Improving Primary Care Access
Understanding the patterns of both demand and supply on a weekly, monthly, or seasonal basis allows for focused efforts to shape demand to match supply, and/or increase (or decrease) supply during periods of high (or low) demand. Improving access is all about getting supply and demand in equilibrium, meaning there is no backlog of appointments and no delay between when the demand is initiated and when the service is delivered.
The gap between supply and demand not only contributes to a delay in meeting patients’ needs, but it can also be expensive and generate waste in the system. The experience of many health care organizations demonstrates that demand is not really insatiable, but actually predictable. In fact, the demand for any kind of service — appointment, advice, or message to a provider — can be predicted accurately based on the population, the scope of the provider practice and, over time, the particular practice style of each provider.
Periods of high or low demand can be anticipated, based on an analysis of demand data collected on all requests coming into the system. An improved access system uses these predictions as the framework to match its supply to the needs of a population of patients for any specific service. Therefore, measure supply, measure demand, and then compare the two.
Changes for Improvement
Measure Supply for All Providers and Staff
Supply refers to the clinical resources (members of the care team) available to a clinic. When the total resources are managed well, a clinic creates openness in its schedule to care for patients. Patients experience this openness primarily as the availability of clinic appointments). Start by measuring provider supply for appointments, which is the total hours of clinician time devoted to appointments on a daily, weekly, monthly, and yearly basis. Then measure the supply for other non-appointment processes, such as refills, messages, and lab review.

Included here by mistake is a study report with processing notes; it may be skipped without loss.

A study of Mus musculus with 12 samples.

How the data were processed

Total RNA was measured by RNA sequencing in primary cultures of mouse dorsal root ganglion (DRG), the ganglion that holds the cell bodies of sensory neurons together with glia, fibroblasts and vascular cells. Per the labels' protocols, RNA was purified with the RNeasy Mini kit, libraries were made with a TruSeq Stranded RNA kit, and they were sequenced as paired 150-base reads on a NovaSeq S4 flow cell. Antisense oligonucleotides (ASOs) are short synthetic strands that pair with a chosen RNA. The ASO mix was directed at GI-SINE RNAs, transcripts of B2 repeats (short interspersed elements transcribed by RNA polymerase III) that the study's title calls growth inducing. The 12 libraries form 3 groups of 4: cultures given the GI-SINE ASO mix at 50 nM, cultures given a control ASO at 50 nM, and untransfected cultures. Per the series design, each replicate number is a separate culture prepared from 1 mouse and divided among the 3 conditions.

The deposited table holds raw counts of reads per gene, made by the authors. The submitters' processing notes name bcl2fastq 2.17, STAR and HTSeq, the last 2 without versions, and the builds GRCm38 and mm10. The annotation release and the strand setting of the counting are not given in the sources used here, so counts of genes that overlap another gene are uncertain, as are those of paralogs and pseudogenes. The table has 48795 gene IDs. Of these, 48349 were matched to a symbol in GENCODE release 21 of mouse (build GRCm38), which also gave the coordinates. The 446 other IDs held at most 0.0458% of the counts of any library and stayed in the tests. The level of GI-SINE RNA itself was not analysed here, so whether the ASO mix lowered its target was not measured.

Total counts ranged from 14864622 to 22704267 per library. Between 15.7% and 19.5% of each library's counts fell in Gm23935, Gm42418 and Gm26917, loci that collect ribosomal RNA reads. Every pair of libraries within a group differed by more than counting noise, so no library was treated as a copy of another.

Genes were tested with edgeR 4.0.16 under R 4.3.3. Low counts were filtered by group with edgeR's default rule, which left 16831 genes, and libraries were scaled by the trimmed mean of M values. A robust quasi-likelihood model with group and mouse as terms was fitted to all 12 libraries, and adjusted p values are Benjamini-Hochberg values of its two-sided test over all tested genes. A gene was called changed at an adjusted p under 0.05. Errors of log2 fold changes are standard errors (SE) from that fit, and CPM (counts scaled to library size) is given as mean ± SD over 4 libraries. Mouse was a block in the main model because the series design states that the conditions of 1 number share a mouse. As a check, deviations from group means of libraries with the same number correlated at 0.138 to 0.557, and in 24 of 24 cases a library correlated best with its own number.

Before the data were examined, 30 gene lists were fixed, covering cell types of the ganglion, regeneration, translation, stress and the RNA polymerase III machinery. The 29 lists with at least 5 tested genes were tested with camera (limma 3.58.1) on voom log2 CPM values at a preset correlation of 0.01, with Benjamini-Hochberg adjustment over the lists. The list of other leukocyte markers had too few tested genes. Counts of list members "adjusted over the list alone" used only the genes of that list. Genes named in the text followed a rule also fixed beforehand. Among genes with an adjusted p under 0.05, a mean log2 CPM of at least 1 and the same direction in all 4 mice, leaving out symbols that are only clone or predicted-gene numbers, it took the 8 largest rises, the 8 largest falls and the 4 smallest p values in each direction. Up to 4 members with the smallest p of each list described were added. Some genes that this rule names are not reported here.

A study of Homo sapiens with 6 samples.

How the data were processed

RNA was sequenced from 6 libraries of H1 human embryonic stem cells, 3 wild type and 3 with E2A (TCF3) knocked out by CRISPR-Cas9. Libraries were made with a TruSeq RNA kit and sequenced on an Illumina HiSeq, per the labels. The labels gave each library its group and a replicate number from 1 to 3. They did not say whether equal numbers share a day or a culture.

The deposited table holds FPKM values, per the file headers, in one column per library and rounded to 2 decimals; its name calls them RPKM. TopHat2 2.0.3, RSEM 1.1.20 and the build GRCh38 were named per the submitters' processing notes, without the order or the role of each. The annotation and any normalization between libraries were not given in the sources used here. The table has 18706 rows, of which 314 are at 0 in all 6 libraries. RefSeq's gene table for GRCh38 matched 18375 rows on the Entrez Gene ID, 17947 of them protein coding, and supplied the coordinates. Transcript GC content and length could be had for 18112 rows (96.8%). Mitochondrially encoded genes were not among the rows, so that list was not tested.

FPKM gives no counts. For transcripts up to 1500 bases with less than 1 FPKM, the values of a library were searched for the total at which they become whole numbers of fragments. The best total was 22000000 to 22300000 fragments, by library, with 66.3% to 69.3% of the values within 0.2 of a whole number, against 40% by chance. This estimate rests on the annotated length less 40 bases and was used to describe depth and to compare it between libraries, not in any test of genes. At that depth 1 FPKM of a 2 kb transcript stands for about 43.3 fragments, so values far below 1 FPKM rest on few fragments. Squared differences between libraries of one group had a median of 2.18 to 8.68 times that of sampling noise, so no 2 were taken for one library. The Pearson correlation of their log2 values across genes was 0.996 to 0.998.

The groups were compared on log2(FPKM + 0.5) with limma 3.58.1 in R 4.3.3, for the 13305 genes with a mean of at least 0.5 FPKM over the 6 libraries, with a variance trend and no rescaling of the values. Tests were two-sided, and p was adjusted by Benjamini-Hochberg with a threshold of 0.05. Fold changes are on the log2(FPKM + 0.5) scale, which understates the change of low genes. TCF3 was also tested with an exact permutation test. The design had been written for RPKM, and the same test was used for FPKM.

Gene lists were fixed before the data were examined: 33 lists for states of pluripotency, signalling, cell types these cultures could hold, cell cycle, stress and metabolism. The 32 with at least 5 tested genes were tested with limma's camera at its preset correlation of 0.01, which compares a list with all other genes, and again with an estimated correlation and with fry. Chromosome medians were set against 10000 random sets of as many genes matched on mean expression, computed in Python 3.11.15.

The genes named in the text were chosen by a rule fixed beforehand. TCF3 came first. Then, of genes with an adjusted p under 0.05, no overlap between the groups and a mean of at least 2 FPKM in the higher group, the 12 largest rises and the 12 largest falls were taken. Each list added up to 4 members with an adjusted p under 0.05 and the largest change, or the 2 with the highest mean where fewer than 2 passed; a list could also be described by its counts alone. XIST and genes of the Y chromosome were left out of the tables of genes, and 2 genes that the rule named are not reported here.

Measure Demand for All Services
First measure demand for appointments and then for all other care processes. The only way to really know your true demand is to measure it.
Demand for appointments can be divided into external and internal demand. External demand comes in the form of new patients to primary care, and referrals (consults) and physician-to-physician phone calls to specialty care. Internal demand to both primary and specialty care comes from provider- and patient-driven return appointments and may also include phone calls, faxes, emails, walk-ins, and return visits generated from today's appointment.
True demand is the total number of requests for appointments received on any given day from both internal and external sources.
Compare Supply and Demand
After measuring the demand and supply for the practice, compare the two. If demand is greater than supply, use ideas in the change concepts Decrease Demand for Appointments and Optimize the Care Team to bring supply and demand into better balance. If the supply is greater than or equal to the demand, then Create and Use a Backlog Reduction Plan.